The Cardinal Gallery is thrilled to be providing the canvas for world famous Brazilian muralist and street artist Arlin Graff…in the form of our brick wall.
"I believe art can save people—in many ways.”
Arlin Graff is Brazilian, based in United States. He is 36 years old and was born in the city of Tatuí, in the countryside of São Paulo, Brazil. As a child, he loved to play with wood blocks, putting things together and then dismantling them again in a small woodshed where his father passed his time making birdcages and other small objects with wood.
As a teenager, specifically at the end of 1999, Arlin began with graffiti, painting trains in his neighbourhood. In 2007, he graduated with a degree in industrial design. A year later, when he moved to São Paulo, he combined this passion for art with design, while he worked as an art director in various advertising agencies.
Quickly, Arlin began to piece together a type of deconstructionism, inspired by his childhood in the little woodshed. He created a very distinct style, giving life to his abstract creations that seem to be emerging from a digital work.
Beyond just painting in the streets, the artist moved toward fine arts and began to study new possibilities. Each time in a more elaborate form, animals are Arlin’s principal theme, creating a species of synthetic nature fragmented by the influence of the modern technological world.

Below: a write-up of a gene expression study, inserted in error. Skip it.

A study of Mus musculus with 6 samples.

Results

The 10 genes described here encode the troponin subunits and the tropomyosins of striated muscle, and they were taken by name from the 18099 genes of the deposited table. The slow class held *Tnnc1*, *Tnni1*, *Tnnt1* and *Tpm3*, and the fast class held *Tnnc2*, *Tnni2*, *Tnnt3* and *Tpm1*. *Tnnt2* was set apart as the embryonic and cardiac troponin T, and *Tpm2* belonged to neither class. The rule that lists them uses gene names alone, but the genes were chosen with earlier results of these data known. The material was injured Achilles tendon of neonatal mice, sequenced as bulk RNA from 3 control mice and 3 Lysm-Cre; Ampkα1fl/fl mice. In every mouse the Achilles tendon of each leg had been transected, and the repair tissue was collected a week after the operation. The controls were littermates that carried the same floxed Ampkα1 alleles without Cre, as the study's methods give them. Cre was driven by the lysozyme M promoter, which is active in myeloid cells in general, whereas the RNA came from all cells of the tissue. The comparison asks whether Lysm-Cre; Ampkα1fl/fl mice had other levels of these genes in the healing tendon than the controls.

Today, in addition to canvasses, his elaborate paintings are executed in large scale around the world, bringing a little more of colour to city walls.
Over the past two decades, Graff has developed his signature style, which often depicts animals in motion, using bright colors and fragmented shapes influenced by his childhood. Today, his murals can be found in some of the world’s art meccas, from São Paulo, Brazil, to New York and Los Angeles. But some of Graff’s favourite cities to share his art with are places like his hometown—smaller, humble communities that might not have access to world-famous artists and art cultures.
“I was curious about street art from a young age. My dad owned a wood-shop in the small town of Tatuí, in countryside of São Paulo, and we didn’t have very many toys growing up, so I would often play with things from his shop, electronics and wood blocks, putting things together and then dismantling them again.
My style is a type of deconstructionism, which draws from the influence of my childhood in the woodshop, assembling and dissembling blocks, and as well as my experience in the digital side of art and advertising, using tools like photoshop.
I have worked in many cities where murals are going up, and I hope that when kids see that happening, it might make them want to have a career in the arts someday. It might help them realize they don’t have to do the same thing their parents do or what they’ve been exposed to. They can create something different.
My family never had much growing up. My family still doesn’t have the ability to travel the world like I have. They haven’t had access to these same opportunities that my art has afforded me.
My life changed in an amazing way when I became an artist. I’ve gotten to see so many global cultures and try foods and meet people. I would love to share these experiences with my family and with others.
One of the hardest parts of being a traveling artist is that I don’t get to see my family in Brazil very much. But I do have my own family now in the U.S. I have a wife and a baby, and we are so thankful for all of the opportunities that art has given us."